In Session

Retiring Obey still speaks his mind after 41 years

By Ben Pershing
Washington Post Staff Writer
Monday, November 29, 2010; 5:40 PM

Never one to hold his tongue, Rep. David R. Obey has somehow managed to become even more outspoken as the last days of his congressional career tick away.

The Wisconsin Democrat, who is retiring after 41 years in the House, thinks that lawmakers should spend more time in Washington, not less. He thinks that earmarks serve an important purpose and that the debate over them has been largely irrelevant. He says the budget process has become "ludicrously meaningless" and rewards whichever side tells the biggest lies. He believes the Afghan government is "useless."

And at a time when conservatives are ascendant in the Capitol, Obey remains an unapologetic liberal.

"The biggest failure that I've had and that Congress has had . . . is the failure to slow the relentless transfer of income up the income scale, which has left this a two-tiered society," he said in an interview last week, arguing that "the economic elite of this country has performed the biggest ripoff of the middle class in the history of the universe."

Facing a potentially tough reelection race, Obey, 72, chose to retire this year rather than run in a bruising and expensive contest. The departure of Obey - who has been the top Democrat on the Appropriations Committee since 1994, helping to allocate several trillion dollars in federal spending along the way - is part of a larger exodus among some of his party's oldest hands on the Hill.

House Budget Chairman John Spratt (D-S.C.) and House Armed Services Chairman Ike Skelton (D-Mo.) both lost on Election Day, and those three departing panel heads will take with them a combined 102 years of experience in Congress.

Obey's successor in Wisconsin's sprawling 7th District, Rep.-elect Sean Duffy (R), was born two years after Obey was elected to Congress. Obey was in his 28th year in office when Duffy first appeared on MTV's "The Real World" reality show; the Republican later became the Ashland County district attorney.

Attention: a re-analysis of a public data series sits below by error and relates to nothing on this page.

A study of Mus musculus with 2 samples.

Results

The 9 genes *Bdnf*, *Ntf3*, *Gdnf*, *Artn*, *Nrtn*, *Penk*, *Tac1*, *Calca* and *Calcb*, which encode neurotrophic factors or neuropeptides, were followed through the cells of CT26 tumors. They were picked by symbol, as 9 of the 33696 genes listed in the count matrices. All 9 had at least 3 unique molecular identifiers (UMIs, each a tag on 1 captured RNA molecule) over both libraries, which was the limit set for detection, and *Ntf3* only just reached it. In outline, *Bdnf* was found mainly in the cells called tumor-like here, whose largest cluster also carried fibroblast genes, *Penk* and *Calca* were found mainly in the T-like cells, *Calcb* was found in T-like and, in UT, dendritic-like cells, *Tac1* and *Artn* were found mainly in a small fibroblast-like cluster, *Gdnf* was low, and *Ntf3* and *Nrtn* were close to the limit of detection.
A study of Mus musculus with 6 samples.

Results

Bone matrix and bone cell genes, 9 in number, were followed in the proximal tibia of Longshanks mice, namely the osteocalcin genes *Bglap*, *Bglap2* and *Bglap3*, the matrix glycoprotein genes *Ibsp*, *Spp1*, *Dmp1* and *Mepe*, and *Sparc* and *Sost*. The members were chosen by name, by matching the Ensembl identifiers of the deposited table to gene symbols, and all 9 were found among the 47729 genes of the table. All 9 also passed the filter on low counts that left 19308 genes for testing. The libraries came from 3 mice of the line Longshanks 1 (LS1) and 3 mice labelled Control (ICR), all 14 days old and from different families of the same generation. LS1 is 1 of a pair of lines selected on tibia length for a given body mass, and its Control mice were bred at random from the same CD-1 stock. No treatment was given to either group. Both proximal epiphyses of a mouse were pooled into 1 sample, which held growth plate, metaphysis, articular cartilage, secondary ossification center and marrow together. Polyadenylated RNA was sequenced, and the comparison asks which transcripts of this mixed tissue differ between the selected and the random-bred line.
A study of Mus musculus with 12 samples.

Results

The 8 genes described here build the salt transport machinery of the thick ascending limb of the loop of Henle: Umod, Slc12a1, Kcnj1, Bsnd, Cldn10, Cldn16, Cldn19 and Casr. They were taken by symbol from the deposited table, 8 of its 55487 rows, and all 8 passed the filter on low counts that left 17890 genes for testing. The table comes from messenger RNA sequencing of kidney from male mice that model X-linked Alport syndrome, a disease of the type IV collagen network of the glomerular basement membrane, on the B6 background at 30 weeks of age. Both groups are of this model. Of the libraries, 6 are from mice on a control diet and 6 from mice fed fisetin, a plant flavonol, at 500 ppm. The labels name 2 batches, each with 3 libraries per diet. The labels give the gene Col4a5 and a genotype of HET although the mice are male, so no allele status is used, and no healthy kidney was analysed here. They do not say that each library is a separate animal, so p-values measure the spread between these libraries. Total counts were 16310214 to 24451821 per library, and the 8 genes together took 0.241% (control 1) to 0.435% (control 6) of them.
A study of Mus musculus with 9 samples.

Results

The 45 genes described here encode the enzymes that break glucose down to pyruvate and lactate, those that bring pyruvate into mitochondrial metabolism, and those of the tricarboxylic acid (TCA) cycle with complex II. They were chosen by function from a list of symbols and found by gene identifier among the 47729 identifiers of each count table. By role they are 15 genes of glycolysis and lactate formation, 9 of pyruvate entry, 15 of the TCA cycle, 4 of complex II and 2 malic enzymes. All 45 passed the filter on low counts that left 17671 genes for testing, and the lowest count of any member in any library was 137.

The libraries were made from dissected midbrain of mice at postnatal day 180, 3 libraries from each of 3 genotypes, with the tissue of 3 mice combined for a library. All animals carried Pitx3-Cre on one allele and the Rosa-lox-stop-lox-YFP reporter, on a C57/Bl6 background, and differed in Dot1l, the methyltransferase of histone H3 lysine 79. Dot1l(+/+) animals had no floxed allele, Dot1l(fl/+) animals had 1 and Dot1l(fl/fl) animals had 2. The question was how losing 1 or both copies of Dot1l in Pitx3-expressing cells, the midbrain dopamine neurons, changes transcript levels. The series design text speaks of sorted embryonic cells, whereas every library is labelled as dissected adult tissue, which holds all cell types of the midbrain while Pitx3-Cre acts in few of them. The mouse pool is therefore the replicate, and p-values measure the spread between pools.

Like many newer lawmakers from both parties, Duffy said during his campaign that he would try to spend as much time as possible in his district, not Washington. When the House is in session, members often arrive in town Tuesday evening and try to leave by Thursday afternoon.

"This country has problems that require attention more than two and a half days a week," Obey said, making the case that members' absence from the Capitol has eroded bipartisan relationships and made Congress a less civil place.

When he was first elected, he said, it was common for Democrats and Republicans to socialize on weekends with their families. "It's a lot harder to kick the hell out of somebody on the House floor if you know you're going to see their wife and kids on Sunday," he said.

Obey was elected in the middle of a long period of unchallenged Democratic dominance in the House. Now control of the chamber is about to flip for the third time in 16 years, and he thinks that competitiveness has made "the politics of the joint" poisonous and far less amenable to compromise.

"When I came here, I think the place was 50 percent political and 50 percent legislative. . . . Now it's 90 percent political," Obey said.